Trump-DeVos vouchers may have trouble in Colorado |

Trump-DeVos vouchers may have trouble in Colorado

With Republican Donald Trump’s election as president and his selection of school voucher advocate Betsy DeVos as education secretary, school choice boosters hope that a nationwide scholarship system for K-12 students could become a reality.

But even if the voucher system passes muster at the federal level, in Colorado some previous court rulings and the partisan political picture in the state could complicate things.

On the campaign trail Sept. 8, Trump spoke of his plan of shuffling $20 billion in the federal budget to be used toward school choice. The plan would prioritize the 15 million children living in poverty, providing scholarships or vouchers that could follow the students to a new school of their choice.

“Not only would this empower families, but it would create a massive education market that is competitive and produces better outcomes,” he said. “The current government monopoly, while great for the bureaucrats, has utterly failed too many students.”

Trump noted that if states collectively spend $110 billion from their education budgets toward school choice, each K-12 student who lives in poverty would have $12,000 available to them.

Education Week noted a voucher system is less politically tenable than other forms of school choice — likely because the money comes directly from traditional public schools’ coffers to move with students to their new schools — and the logistics of implementing a nationwide program “are enormous.” Also, Congress recently enacted the new education program Every Student Succeeds Act, which President Barack Obama signed into law last December. Lawmakers may be unwilling to overhaul educations laws again so quickly.

Luke Ragland, vice president of policy at pro-school choice group Colorado Succeeds, told his group will continue the push in Denver, regardless of what Trump and DeVos decide to work for in Washington, D.C.

“I think it’s important that no matter what happens at the federal level, that important decisions continue to be made at the state level,” he said.

It’s no easy feat to implement a voucher system in Colorado. Just ask school choice advocates on the Douglas County school board.

In 2011, that panel attempted to start a voucher program, but 2nd Judicial District Court Chief Judge Michael Martinez said the inclusion of religious schools violated state law. The decision was upheld by the Colorado Supreme Court, which said the state constitution contains “broad, unequivocal language forbidding the state from using public money to fund religious schools.”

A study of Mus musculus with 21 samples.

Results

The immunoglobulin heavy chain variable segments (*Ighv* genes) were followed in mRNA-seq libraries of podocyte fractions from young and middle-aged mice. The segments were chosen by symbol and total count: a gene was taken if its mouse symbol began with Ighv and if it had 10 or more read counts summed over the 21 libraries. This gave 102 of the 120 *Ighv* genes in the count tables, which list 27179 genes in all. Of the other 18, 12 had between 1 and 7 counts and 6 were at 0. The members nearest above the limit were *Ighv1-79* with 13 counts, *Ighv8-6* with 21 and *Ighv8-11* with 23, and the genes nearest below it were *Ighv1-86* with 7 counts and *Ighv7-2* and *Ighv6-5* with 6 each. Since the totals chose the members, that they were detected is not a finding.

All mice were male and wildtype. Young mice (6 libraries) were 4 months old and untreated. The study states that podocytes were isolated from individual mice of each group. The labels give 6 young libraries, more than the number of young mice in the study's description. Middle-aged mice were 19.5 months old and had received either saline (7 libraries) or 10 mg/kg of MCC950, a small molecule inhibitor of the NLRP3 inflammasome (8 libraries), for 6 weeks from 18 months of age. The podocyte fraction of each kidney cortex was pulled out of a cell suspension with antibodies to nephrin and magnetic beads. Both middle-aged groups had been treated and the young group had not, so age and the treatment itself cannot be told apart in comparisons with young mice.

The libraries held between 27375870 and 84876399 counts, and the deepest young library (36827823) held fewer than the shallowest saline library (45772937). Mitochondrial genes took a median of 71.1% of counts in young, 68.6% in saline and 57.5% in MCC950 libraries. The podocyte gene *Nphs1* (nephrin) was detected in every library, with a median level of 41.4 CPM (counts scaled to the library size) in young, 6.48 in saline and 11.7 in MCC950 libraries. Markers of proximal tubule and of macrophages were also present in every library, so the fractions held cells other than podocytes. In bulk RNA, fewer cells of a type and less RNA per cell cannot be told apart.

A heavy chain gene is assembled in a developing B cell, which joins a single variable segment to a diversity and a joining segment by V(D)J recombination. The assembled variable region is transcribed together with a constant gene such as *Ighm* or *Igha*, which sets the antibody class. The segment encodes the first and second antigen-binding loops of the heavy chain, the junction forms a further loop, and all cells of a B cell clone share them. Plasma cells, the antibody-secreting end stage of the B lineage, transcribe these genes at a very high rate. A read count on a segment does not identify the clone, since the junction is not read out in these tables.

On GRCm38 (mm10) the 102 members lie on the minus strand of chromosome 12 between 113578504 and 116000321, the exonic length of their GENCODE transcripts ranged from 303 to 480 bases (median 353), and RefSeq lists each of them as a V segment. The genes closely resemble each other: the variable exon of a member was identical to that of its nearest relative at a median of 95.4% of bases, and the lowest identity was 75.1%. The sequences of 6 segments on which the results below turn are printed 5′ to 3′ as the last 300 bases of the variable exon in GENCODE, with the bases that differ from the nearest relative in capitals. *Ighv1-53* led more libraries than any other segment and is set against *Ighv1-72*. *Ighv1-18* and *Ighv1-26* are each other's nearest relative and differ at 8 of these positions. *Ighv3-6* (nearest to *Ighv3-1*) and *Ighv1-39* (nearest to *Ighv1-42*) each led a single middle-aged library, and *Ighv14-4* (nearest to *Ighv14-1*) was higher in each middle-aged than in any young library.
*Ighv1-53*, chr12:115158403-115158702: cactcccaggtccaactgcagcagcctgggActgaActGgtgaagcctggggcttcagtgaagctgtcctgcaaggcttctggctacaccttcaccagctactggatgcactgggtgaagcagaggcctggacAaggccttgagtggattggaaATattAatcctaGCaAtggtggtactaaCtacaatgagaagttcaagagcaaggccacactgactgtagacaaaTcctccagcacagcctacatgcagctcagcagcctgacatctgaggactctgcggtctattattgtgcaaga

The Douglas County school board tried to start a voucher program again this March, excluding religious schools, but Martinez also shot that plan down.

Previously, the Republican-controlled Colorado Legislature tried in 2004 to create a voucher system that would have allowed students in 11 of the lowest-performing school districts to use 85 percent of state per-pupil funding to transfer to a private school. But the Colorado Supreme Court said the state’s attempt to tell school districts how to use local tax revenue violated the state constitution.

Nora Flood, president of the Colorado League of Charter Schools, said charter public schools “have a long history as a bipartisan issue” in the state, which breeds optimism about school choice expansion, given the ascension of fellow advocates in Washington to high levels of government.

“We are hopeful that the Trump administration will focus on ensuring that all students have access to high-quality, public educational options, including charters,” she told Watchdog in a statement.

But Chalkbeat notes that the Colorado Board of Education’s flip from primarily Republican to primarily Democratic could hurt the odds of vouchers in the state, especially given that the newest board member, Rebecca McClellan, ran on a campaign opposing vouchers.

“I do not favor voucher schemes that drain funding from our public schools and make an already challenging financial picture that much harder,” she said in Aurora at a candidate forum.